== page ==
Fact file – Alpine Ski Racing Events
If you are new to following ski racing it can take a while to get used to all the different types of races on the calendar.
All the events involve skiing down a course set with flexible red and blue poles. These are known as gates, and are normally set in pairs. A skier must pass through all the gates to complete the course, and the fastest skier wins. There are no time penalties – a skier who fails to pass through all the gates correctly is disqualified. There are four disciplines, divided into technical and speed, with the main difference being how far apart the gates are set.
The main events you need to know about are as follows:
The most technical discipline. Slalom races have the tightest, quickest turns and the shortest, most agile skis. The gates are made of two single poles without flags, with 6-13 metres between successive gates. Slalom skiers wear a lot of protection and are expected to hit the gates with hands or shins.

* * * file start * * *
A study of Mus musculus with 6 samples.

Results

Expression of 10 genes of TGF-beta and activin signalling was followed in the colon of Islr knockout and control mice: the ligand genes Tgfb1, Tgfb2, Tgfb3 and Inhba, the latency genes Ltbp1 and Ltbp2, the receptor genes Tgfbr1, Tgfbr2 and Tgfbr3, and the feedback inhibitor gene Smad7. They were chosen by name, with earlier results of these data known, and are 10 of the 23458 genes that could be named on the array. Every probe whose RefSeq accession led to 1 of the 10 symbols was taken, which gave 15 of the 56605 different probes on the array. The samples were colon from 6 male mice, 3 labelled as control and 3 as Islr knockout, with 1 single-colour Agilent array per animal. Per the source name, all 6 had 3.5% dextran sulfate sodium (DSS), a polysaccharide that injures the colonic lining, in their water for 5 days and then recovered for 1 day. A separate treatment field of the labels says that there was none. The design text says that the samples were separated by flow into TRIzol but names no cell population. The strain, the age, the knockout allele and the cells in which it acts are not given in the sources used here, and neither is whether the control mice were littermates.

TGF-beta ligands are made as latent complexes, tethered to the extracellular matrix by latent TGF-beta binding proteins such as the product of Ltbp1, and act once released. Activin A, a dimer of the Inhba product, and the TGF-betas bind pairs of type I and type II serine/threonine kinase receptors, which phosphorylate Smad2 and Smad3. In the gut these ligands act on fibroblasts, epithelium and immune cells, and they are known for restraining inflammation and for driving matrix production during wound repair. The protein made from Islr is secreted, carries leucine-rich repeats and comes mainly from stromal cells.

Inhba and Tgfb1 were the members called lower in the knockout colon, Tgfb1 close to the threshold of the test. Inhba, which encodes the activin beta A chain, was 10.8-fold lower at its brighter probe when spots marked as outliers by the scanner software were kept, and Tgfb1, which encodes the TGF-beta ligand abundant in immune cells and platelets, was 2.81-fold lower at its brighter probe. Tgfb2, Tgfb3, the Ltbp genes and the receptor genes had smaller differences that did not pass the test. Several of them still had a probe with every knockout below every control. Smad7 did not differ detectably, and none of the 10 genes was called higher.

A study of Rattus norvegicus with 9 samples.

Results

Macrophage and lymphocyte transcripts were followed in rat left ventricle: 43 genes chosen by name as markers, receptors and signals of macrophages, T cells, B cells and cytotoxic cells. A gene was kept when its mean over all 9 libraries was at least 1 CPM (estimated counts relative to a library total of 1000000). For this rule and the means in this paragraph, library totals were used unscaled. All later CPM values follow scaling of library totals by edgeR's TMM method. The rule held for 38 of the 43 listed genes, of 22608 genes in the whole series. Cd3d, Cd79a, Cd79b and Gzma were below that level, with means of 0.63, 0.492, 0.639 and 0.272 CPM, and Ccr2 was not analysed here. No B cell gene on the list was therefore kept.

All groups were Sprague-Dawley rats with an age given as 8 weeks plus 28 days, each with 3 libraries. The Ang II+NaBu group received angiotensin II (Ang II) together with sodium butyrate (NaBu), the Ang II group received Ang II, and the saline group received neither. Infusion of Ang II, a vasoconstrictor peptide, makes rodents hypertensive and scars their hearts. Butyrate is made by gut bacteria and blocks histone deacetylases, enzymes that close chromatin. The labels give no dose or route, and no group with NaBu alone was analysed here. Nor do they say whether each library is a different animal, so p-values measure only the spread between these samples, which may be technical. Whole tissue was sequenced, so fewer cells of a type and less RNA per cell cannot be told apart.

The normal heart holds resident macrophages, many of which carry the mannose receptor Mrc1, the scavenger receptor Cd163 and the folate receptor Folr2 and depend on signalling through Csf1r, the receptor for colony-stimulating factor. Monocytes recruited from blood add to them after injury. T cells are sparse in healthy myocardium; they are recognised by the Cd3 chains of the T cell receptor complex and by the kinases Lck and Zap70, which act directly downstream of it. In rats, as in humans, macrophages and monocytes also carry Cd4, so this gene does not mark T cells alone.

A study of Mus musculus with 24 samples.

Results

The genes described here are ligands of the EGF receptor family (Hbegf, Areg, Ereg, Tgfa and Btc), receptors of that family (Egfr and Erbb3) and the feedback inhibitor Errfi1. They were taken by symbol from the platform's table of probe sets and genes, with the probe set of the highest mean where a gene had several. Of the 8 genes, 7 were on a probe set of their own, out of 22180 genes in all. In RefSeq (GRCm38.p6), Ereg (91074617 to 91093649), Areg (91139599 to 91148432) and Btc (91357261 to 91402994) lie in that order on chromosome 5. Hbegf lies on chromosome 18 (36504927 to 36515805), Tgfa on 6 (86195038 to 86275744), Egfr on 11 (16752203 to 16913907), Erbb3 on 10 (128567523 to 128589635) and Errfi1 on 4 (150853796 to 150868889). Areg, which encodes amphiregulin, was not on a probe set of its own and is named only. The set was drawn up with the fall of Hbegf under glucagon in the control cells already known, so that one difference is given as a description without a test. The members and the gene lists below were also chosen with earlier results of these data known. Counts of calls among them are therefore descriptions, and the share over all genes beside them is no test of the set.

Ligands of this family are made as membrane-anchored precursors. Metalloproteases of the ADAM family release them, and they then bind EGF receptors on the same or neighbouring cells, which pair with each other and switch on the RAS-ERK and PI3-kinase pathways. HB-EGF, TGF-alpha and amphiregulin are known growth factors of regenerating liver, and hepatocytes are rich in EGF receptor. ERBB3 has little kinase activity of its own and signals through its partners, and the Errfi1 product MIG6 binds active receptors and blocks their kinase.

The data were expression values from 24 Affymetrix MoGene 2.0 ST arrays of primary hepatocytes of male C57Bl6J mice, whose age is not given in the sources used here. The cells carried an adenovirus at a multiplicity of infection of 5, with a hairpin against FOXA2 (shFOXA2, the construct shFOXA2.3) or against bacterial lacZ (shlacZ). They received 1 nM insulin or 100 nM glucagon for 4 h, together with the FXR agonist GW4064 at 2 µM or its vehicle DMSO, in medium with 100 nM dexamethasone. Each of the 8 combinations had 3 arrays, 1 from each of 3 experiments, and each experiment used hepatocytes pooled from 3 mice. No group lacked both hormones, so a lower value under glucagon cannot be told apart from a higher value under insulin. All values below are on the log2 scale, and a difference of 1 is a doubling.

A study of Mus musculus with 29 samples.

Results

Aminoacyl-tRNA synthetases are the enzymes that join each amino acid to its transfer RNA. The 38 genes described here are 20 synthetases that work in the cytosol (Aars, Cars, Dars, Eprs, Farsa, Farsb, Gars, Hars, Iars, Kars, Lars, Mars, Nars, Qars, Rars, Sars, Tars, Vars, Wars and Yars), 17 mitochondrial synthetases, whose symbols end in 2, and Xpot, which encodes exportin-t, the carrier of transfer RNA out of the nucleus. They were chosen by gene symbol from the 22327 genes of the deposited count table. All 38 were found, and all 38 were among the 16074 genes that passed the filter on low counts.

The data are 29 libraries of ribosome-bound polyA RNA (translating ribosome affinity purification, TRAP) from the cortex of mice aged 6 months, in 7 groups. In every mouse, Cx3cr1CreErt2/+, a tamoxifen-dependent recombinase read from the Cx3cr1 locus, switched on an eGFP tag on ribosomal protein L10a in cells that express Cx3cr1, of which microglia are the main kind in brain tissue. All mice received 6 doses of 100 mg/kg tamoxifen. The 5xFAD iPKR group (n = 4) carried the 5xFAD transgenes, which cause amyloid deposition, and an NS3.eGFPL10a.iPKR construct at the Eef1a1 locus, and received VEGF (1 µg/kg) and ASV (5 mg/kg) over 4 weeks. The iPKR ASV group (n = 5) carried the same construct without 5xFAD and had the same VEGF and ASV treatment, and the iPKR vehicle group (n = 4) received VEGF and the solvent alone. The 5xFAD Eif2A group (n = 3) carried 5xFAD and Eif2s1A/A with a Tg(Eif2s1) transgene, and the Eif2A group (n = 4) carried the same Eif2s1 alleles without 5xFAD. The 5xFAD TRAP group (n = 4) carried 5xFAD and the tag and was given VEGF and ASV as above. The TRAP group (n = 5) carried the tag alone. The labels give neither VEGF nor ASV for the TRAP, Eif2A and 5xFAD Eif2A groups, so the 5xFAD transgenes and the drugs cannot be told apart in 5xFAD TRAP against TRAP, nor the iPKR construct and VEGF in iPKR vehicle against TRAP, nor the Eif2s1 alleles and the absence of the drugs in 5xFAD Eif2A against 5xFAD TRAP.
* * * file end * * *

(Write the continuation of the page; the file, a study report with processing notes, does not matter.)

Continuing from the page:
GS – Giant slalom
GS is the most accessible event for a recreational skier, but the hardest to master. The gates for GS and other events comprise two sets of double poles with flags, or panels. Speeds are faster, but this is still a technical event with the skier passing a gate every 1-2 seconds. Gates are at least ten metres apart and typically 20-30 metres.
Super G is classed as a speed event, with the gates being set further apart than GS giving higher speeds, but not as far apart as downhill. Gates must be at least 25 metres apart.
This is the fastest of the four disciplines, raced on the longest, straightest skis over a course with the fewest gates. Gates are set where needed, with no rules on how far apart they are. Unlike the other three disciplines, gates do not have to alternate in colour but can be all red or all blue.
An event where a run of downhill or super-G is combined with a run of slalom. While most racers specialise in either speed or technical events, combined races favour the all-rounders. Although in a sense it is not a separate discipline like the four above, it does have its own discipline prize in the World Cup and offers the chance of an Olympic medal to more all-round skiers.
Parallel GS, Parallel slalom, City Event
In parallel events, skiers race each other head to head on parallel courses, rather than against the clock. The two courses are set carefully to be as near to identical as possible. Parallel slalom races are often held close to cities under floodlighting, and are sometimes described as City Events. Parallel GS is a recent addition to the calendar; the first World Cup race was only held in 2015.